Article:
Range anxiety and the lack of charging infrastructure in this country is the main contributing factor to the relatively small amount of electric vehicles sold last year.
But in a move that should please potential EV customers, the government has revealed it will contribute 75% towards the cost of installing a charger at a home address anywhere in the UK.
Other benefits to the network include a 75% contribution towards public chargers, such as rapid charge units capable of re-juicing a Nissan Leaf to 80% in 20 minutes.
In addition, the government is making the same contribution to charging points at train stations while public sector organisations such as the police or the NHS wanting an on-site charging point will now have the installation carried out for free.
The Department for Transport says it costs between £1,000 and £1,500 for customers with garages or driveways to install charging points, and will fund 75% of this up to a maximum contribution of £1,000.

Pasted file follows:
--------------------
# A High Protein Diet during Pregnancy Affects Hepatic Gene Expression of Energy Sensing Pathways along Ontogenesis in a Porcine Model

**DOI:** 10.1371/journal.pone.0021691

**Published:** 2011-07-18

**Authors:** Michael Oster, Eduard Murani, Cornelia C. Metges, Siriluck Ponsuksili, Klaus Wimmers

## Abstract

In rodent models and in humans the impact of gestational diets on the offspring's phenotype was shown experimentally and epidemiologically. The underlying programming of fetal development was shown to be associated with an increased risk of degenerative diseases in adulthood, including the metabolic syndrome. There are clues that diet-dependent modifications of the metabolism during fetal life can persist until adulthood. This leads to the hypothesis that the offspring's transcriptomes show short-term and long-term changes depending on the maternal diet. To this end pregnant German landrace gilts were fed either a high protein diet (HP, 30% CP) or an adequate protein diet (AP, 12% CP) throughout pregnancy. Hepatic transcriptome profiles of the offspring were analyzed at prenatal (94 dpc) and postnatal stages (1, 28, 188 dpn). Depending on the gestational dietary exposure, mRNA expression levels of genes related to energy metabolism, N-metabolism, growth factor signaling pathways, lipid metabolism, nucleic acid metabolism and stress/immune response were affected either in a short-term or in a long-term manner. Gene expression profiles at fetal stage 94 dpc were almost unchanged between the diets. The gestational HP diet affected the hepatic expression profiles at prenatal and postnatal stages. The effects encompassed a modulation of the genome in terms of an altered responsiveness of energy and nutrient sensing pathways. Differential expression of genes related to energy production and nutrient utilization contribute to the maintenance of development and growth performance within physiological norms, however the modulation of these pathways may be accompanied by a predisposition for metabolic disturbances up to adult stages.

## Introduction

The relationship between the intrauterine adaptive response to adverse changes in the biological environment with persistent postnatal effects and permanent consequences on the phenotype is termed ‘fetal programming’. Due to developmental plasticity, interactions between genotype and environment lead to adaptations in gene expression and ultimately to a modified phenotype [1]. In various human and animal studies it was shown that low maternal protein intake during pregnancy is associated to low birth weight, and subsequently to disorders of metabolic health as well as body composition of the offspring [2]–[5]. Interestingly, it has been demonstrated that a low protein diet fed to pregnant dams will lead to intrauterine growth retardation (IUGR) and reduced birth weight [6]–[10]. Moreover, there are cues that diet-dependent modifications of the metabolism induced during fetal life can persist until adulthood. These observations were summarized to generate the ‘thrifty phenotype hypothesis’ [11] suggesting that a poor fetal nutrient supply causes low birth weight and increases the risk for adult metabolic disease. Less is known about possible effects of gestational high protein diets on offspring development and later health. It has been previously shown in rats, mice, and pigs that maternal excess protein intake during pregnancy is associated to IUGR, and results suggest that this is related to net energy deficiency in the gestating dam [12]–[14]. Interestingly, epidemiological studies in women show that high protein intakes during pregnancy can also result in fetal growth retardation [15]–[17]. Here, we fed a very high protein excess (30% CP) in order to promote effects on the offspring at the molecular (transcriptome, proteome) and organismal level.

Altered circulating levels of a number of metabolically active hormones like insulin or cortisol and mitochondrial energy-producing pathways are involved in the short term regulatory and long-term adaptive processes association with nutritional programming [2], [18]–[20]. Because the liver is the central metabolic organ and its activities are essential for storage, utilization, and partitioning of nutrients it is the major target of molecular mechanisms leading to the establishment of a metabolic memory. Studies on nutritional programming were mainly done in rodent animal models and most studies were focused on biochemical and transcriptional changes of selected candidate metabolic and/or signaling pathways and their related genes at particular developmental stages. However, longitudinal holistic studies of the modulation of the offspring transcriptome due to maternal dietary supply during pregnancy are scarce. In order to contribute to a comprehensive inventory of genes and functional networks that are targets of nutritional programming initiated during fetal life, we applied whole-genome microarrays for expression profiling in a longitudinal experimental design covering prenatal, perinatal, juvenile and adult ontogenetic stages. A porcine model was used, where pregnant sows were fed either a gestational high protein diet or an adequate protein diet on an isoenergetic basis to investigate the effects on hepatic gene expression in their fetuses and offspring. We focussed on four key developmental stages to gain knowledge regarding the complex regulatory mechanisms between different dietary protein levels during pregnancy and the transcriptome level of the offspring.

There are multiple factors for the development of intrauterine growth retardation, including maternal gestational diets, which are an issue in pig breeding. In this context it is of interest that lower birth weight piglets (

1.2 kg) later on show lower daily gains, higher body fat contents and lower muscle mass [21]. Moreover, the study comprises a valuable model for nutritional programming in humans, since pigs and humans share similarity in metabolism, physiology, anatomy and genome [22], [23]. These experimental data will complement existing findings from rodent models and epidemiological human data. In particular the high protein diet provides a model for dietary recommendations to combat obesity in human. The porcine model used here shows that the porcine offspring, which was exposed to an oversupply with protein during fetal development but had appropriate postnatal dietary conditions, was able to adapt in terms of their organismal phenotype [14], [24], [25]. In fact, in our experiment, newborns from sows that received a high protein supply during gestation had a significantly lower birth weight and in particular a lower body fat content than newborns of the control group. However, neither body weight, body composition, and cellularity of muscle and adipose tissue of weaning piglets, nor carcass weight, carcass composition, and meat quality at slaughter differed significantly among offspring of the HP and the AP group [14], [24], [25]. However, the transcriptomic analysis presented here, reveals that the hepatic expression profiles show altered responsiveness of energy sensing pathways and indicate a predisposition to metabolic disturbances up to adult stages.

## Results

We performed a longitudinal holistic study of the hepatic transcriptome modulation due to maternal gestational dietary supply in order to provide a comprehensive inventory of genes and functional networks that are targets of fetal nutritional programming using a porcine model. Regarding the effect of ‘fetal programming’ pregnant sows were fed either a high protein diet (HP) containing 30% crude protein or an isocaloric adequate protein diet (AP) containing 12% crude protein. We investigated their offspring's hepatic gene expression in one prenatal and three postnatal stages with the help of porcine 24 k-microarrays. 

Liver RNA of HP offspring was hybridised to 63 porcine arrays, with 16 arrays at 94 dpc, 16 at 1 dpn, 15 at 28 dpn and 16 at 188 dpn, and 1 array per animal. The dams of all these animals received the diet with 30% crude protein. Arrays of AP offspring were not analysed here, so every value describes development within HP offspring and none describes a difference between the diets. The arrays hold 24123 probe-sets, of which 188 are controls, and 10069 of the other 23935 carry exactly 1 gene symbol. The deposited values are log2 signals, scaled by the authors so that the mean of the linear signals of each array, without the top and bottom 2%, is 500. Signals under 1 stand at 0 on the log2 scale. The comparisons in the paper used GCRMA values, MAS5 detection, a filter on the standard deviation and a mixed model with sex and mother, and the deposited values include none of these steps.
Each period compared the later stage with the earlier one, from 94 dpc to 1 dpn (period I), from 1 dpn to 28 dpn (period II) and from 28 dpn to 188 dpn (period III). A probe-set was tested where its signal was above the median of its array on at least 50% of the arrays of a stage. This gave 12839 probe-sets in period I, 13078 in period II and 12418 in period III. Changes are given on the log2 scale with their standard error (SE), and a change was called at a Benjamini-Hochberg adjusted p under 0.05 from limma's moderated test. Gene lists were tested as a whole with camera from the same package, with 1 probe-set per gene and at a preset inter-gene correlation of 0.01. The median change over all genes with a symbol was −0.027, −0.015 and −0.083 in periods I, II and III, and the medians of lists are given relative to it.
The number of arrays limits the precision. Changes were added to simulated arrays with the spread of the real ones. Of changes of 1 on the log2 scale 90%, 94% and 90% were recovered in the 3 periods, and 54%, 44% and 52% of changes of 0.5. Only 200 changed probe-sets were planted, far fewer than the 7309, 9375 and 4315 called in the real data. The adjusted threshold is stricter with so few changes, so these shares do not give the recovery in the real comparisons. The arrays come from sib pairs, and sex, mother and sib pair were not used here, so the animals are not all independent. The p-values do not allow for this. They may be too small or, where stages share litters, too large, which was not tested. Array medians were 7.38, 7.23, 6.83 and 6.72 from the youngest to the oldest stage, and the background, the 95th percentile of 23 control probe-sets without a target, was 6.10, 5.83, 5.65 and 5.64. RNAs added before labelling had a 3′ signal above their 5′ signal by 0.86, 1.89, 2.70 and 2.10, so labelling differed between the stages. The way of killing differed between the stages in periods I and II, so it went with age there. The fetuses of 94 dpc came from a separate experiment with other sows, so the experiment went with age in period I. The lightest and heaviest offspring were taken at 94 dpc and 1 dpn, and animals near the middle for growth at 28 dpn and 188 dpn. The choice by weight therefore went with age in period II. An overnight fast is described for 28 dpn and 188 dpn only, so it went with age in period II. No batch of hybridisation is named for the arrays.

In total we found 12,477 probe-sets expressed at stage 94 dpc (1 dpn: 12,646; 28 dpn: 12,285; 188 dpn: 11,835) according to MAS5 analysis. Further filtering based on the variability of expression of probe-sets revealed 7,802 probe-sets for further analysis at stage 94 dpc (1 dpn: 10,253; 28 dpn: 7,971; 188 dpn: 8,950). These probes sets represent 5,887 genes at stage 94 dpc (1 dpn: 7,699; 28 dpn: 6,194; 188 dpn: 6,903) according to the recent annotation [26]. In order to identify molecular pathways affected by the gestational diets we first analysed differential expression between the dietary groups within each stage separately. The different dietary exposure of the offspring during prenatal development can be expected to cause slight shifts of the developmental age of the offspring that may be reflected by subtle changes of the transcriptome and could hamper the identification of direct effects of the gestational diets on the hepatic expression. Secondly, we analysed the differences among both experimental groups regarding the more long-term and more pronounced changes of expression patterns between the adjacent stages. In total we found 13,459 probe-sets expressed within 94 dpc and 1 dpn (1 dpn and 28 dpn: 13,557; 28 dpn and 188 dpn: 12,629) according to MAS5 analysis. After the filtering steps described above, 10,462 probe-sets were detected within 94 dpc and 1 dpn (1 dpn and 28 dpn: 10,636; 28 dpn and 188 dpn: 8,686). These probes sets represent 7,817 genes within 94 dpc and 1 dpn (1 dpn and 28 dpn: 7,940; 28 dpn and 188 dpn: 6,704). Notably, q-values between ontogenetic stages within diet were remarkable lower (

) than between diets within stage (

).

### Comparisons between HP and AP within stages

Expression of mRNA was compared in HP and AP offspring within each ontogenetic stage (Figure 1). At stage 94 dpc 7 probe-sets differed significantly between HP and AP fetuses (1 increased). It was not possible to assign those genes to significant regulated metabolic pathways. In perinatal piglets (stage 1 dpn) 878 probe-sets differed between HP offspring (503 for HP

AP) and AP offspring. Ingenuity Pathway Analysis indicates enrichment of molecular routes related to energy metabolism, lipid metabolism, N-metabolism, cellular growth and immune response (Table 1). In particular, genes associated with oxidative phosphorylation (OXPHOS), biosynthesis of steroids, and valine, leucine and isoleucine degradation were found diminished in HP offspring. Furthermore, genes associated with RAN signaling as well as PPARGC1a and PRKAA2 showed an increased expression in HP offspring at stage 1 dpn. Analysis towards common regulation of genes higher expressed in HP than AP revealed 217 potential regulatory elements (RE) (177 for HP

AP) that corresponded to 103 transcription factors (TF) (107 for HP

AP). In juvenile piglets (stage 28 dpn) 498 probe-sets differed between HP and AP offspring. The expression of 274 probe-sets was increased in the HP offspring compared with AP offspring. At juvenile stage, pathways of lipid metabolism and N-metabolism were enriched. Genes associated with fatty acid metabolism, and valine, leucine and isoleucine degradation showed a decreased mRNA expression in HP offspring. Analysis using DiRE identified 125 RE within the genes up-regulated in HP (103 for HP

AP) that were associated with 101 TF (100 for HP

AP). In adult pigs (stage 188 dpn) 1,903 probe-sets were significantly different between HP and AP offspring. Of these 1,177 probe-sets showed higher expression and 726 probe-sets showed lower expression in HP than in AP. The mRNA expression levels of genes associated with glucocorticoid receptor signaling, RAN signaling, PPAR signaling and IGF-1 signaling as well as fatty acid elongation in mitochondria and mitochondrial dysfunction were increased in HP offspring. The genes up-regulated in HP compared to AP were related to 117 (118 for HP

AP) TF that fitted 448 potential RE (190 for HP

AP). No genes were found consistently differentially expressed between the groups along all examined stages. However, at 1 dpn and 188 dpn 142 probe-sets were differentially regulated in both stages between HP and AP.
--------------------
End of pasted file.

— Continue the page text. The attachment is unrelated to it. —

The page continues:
Despite advances in technology made by firms such as Nissan, many customers are still put off buying EVs due to the lack of a national charging network.
The new government investment will mean many more people can afford to have a charging point installed in their home, potentially making fuel-free motoring more attractive.
John Martin, Nissan's Senior Vice President for Manufacturing in Europe, said: "We are at a crossroads in personal mobility. Nissan is proudly pioneering zero emission technology through our UK operations and we are delighted that the UK Government is showing it shares our commitment to the transport of the future.
"Electric vehicles become a way of life if the charging infrastructure is in place and Governments are committed to helping drivers to make the switch."